Rudolph Herzog on German Humor Under Hitler
Have you heard the one about Hitler and Göring standing on top of the Berlin radio tower? Hitler says he wants to do something to put a smile on the Berliners' faces. Göring says, "Why don't you jump?"
The woman who first told that joke, in 1943, soon lost her head. She was executed by guillotine. Nazis, apparently, don't have a sense of humor. The fact that the woman's husband was a good German soldier who died in battle only made her crime worse.
Tales like these, and jokes like that, are the central preoccupation of filmmaker Rudolph Herzog's new book, Dead Funny: Humor in Hitler's Germany. Which asks, in essence: Hitler ... LOL?
"I was not doing this flippantly," Herzog explains by phone from his home in Berlin one recent evening, as he prepares to visit Los Angeles to discuss the book. His interest in the minds of the people of the era was piqued when a great-aunt, who was "a bit of a messy," died and left behind a house full of stuff, including typed-up anti-Nazi jokes from the 1940s.
"Did she write this?" he wondered. "If not, who did? What was the motive?
"When you joke, you sort of let down your guard," he says now. "It becomes apparent what you're thinking about. In that sense it's very revealing."
Herzog's grandparents' generation, for instance, claimed they didn't know about the concentration camps. But jokes about the camps were widespread. So people did know.
Political humor thrives under dictatorships, and the anti-Nazi jokes, it turns out, were a mass phenomenon. At the beginning of the war, jokes reflected the vanity of the leadership. The top Nazi brass resembled the "superior" Aryan "master race" not a whit. Joseph Goebbels was skinny. Hermann Göring was fat. Hitler wasn't blond.
People told jokes about how Göring had his medals remolded in rubber so he could wear them in the bath. A critique? Sure, of sorts.
Herzog, ever careful, lets nothing slide. "The fact that he was a mass murderer didn't factor into it. Göring was actually revered and loved by many, many people in Germany. You could argue that these kinds of jokes are actually quite harmless."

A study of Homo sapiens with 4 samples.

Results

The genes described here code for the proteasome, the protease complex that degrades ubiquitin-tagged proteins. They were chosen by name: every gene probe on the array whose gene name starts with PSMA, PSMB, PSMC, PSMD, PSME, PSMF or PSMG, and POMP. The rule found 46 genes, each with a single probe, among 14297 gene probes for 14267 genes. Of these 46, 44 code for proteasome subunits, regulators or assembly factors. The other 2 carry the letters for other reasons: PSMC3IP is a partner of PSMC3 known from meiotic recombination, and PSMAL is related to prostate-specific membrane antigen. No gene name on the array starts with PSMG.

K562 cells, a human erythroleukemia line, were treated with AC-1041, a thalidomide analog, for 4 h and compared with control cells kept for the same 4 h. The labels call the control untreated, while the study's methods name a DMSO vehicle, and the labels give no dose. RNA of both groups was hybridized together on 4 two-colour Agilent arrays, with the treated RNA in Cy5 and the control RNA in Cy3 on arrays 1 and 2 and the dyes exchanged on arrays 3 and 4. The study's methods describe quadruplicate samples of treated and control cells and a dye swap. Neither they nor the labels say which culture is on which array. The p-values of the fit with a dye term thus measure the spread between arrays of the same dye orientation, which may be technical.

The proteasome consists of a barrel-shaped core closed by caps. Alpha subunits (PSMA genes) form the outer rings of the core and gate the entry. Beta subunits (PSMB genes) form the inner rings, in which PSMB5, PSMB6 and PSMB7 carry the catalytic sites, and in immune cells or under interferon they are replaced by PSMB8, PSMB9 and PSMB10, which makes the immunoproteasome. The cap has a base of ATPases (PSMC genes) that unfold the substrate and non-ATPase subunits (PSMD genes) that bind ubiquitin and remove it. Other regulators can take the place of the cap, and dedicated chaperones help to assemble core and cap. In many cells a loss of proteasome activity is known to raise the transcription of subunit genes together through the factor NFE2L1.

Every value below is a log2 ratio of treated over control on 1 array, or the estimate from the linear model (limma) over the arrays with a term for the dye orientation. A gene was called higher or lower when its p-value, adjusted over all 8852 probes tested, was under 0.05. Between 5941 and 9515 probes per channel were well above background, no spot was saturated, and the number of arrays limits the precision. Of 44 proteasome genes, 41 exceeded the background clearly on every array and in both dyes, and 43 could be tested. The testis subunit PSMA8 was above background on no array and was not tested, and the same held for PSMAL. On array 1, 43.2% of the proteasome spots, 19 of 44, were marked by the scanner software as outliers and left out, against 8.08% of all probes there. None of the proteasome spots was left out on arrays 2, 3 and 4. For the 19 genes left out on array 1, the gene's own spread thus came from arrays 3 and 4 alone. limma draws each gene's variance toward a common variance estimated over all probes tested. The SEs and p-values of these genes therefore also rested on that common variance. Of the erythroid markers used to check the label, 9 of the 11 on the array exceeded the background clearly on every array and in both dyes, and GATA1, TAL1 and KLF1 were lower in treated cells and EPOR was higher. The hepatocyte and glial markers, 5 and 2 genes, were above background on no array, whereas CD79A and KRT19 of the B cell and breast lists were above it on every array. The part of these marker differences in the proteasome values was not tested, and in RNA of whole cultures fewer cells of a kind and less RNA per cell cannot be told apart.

Equally counterintuitive: In allowing the populace to vent their frustration, the jokes may have actually supported the regime. "We have to see an inconvenient truth here. These jokes did not cause an uprising," Herzog says. "The Germans fought to the last bullet. The Soviets had to fight house by house to liberate Berlin."
Yes, telling an anti-Hitler joke could get you killed, but not in the way you'd think. Take the one about the dying soldier. He asks to be shown the people he is dying for. Someone brings out a photograph of Hitler and one of Goebbels, places one on the soldier's right, the other on his left. Herzog delivers the punch line: "The soldier looks at them and says, 'Now I'm dying like Jesus Christ — in between two criminals.' "
The joke once was told by an ordinary, non-blacklisted person. He was let off with a small fine. But it also was told in a village by a priest in 1943. "The Nazis didn't like Catholic priests. A lot of them ended up in Dachau. This priest had been on record for being outspoken against the Nazis," Herzog says. "He was executed for the same joke."
As the war progressed, the jokes turned bleak. Here's one: Göring, Goebbels and Hitler are out at sea in a boat. There is a storm. The boat sinks. Who is saved? Germany.
"It's wishing death to the leadership," Herzog says. "It's telling that people would wish such a thing. But if you read closely, it's the force of the storm or nature that kills them. Not a revolution."
In the end, Herzog was disillusioned about how subversive political humor could be. Immediately after the war, German citizens came out of the woodwork to publish collections of anti-Hitler "whispered jokes."
"They wanted to show they were against Hitler all along," Herzog says. "Only a few of these people were punished. It was a bit of a fig leaf. Like, 'Look, I collected this dangerous stuff.' It sort of falls apart. It's problematic." More people, he notes, were punished for listening to the BBC.
As to whether it's OK to laugh at atrocities, "It depends on who's laughing and for what reason," he says. Humor can be helpful after traumatic events. "To a certain point, it's a way of dealing with the horrors."
To a certain extent, you have to laugh at horrors. That was the core of Jewish humor. Theirs was gallows satire, a mustering of courage in the face of what seemed a hopeless situation.
Personally, Herzog favors the black wit of the Brits. Germans aren't exactly known for their sense of humor. They've only started joking about Nazis again in recent years. He says: "What do they say, the shortest books are English cooking and 500 years of German humor?"
Asked if there is a quintessentially German sense of humor, Herzog turns to the word schadenfreude: taking delight in the suffering or misery of others. The word does not exist in any other language, and it's been argued that it is uniquely German.
Herzog — who has not laughed once during the entire interview — talks about his impending visit to Los Angeles, where he'll be staying at the Hollywood Hills home of his father, filmmaker Werner Herzog. On May 12, he'll be interviewed at a comedy show at Largo on La Cienega.
Will he tell his Hitler jokes onstage? He's definitely got a lot of them. "Oh," he demurs. "I'm not the world's best joke teller."